I shall speak only briefly, and very specifically, about the implications of SIS II and the new regulation on the protection of children.
Police and judicial co-operation and the necessary cross-border infrastructures and mechanisms referred to earlier by Robert Neill, the Chair of the Justice Committee, are very important to child protection. Increasingly, victims of complex cross-border crime are children: they are victims of, for example, trafficking, sexual exploitation and online abuse. As the Minister said, the new regulation will support a more proactive alert system in relation to children who are at risk of going missing, and that includes cases of parental abduction. It will mean that pre-emptive alerts can be placed on the system to enable the authorities to act before a child goes missing rather than afterwards.
While I welcome the Government’s decision not to opt out of this part of the SIS and the increased protection for children, I am—like my hon. Friend Louise Haigh—concerned about the position if we leave the European Union in March 2019, and the possible uncertainty about the security and crime co-operation arrangements that will then be in place. I understand that the new measures that are currently being discussed in the EU are likely to be agreed before the Government’s intended exit date, but unlikely to be implemented until later. It is not clear whether they might be implemented during a potential two-year transition period, or even after that.
The Minister said that the Government want to be able to negotiate new arrangements for security law enforcement and criminal justice co-operation, but, as we heard from my hon. Friend Sir William Cash, who chairs the European Scrutiny Committee, has received a letter from the Minister which leaves us none the wiser about what specific measures such an arrangement might include.
Let me say very strongly to the Minister that the protection and welfare of children must be paramount in any new arrangements that are negotiated, and that includes seeking to maintain the benefits that we currently secure from our participation in SIS II and the stronger protections that the new regulation will introduce. There are practical questions about how that will be achieved. We heard about some of the circumstances relating to third countries that cannot create or enter alerts in SIS II, or use the infrastructure to search the system and exchange information. I understand that under article 62 of the proposed regulation, that will continue to be the case, and that, post-Brexit, the UK would not be able to benefit from the data that some offer, and to lodge data as we can now.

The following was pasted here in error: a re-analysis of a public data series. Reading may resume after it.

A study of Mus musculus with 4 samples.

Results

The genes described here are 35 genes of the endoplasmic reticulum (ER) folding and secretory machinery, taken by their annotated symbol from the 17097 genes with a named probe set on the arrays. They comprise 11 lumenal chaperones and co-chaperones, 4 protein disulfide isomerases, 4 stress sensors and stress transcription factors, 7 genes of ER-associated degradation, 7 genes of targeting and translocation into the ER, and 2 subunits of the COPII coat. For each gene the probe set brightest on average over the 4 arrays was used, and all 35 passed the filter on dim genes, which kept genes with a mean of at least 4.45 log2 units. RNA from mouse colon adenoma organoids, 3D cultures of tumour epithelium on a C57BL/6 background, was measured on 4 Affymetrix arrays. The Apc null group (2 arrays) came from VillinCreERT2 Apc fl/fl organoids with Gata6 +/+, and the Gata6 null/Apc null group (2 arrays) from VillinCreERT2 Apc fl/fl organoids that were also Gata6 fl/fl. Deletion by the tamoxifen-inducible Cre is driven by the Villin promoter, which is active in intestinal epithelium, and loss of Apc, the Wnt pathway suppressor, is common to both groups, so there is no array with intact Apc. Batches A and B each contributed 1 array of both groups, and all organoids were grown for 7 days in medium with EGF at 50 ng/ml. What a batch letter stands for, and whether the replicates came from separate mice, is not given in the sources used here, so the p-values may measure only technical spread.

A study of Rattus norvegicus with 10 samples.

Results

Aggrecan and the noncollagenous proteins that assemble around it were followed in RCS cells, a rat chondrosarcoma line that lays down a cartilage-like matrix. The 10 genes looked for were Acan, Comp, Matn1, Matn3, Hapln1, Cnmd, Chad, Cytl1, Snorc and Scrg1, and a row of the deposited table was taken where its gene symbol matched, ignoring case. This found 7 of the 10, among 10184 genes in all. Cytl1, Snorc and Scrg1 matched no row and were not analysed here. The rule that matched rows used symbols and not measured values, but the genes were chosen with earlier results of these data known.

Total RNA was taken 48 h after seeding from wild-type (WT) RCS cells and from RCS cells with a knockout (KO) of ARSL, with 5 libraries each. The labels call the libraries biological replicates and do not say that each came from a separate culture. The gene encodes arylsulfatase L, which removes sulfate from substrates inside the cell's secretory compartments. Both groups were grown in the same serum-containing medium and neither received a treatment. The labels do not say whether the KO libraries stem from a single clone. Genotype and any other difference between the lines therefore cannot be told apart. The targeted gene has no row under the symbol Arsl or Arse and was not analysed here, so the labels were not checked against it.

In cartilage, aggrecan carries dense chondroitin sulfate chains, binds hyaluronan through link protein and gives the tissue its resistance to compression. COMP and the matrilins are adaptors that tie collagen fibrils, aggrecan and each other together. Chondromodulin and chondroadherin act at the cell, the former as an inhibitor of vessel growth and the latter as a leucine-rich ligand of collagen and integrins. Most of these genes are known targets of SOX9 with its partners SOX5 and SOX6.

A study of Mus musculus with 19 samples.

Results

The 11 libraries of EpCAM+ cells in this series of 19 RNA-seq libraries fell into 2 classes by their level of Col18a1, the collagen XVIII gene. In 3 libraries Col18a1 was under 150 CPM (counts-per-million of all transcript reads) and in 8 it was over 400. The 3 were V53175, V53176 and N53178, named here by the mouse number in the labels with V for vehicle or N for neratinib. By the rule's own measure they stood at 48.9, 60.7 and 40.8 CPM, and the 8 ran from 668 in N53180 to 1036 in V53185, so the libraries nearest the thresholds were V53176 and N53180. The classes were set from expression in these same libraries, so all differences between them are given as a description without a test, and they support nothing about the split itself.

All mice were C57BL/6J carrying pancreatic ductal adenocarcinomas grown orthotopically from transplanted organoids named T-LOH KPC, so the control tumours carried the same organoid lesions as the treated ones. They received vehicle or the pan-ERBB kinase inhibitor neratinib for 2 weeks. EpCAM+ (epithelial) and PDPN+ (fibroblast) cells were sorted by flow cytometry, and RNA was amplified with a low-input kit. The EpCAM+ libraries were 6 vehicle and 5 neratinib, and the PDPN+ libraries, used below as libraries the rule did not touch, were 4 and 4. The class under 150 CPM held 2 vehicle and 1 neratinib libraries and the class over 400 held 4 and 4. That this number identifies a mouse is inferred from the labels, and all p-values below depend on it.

It is true, as we heard, that other countries have been able to agree specific access arrangements with the European Union. Does the Minister think that the UK could follow a similar route to maintain access, particularly in relation to child protection, and thus effectively remain within the ambit of SIS II? In that case, article 62 would have to be amended, or is the Minister thinking of some other arrangement for the UK to access and enter information? Failing such an arrangement with the EU if we leave in March 2019, does the Minister think it will be necessary, or indeed possible, for us to have bilateral arrangements with each of the 27 EU countries? If that is the route that he envisages we might have to follow, what assessment has he made of the risks it would pose to children and how would they be mitigated?
Finally, even if we are able to remain in some way within the SIS II system and continue to share and deposit information, there would be gaps in protecting children if we leave the EU and lose the provisions of Brussels II in relation to family law. Yesterday’s written ministerial statement in response to the Justice Committee report on the implications of Brexit for the justice system was quite complacent about alternatives to Brussels II. There are potentially catastrophic consequences for children and families as we face considerable uncertainty about the loss of provisions in Brussels II that govern choice of law and enforcement.
We are not talking about whether the EU is dictating and making our laws; we are talking about mechanisms that enable us to ensure that protections and enforcement measures and access to information and the sharing of information can continue to be used and enforced if we leave the EU. In particular, mechanisms must be put in place to ensure that there is no weakening of the protection currently available to ensure the safeguarding of children. I hope the Minister will in his concluding remarks be able to give some assurances that that will remain paramount in the Government’s thinking.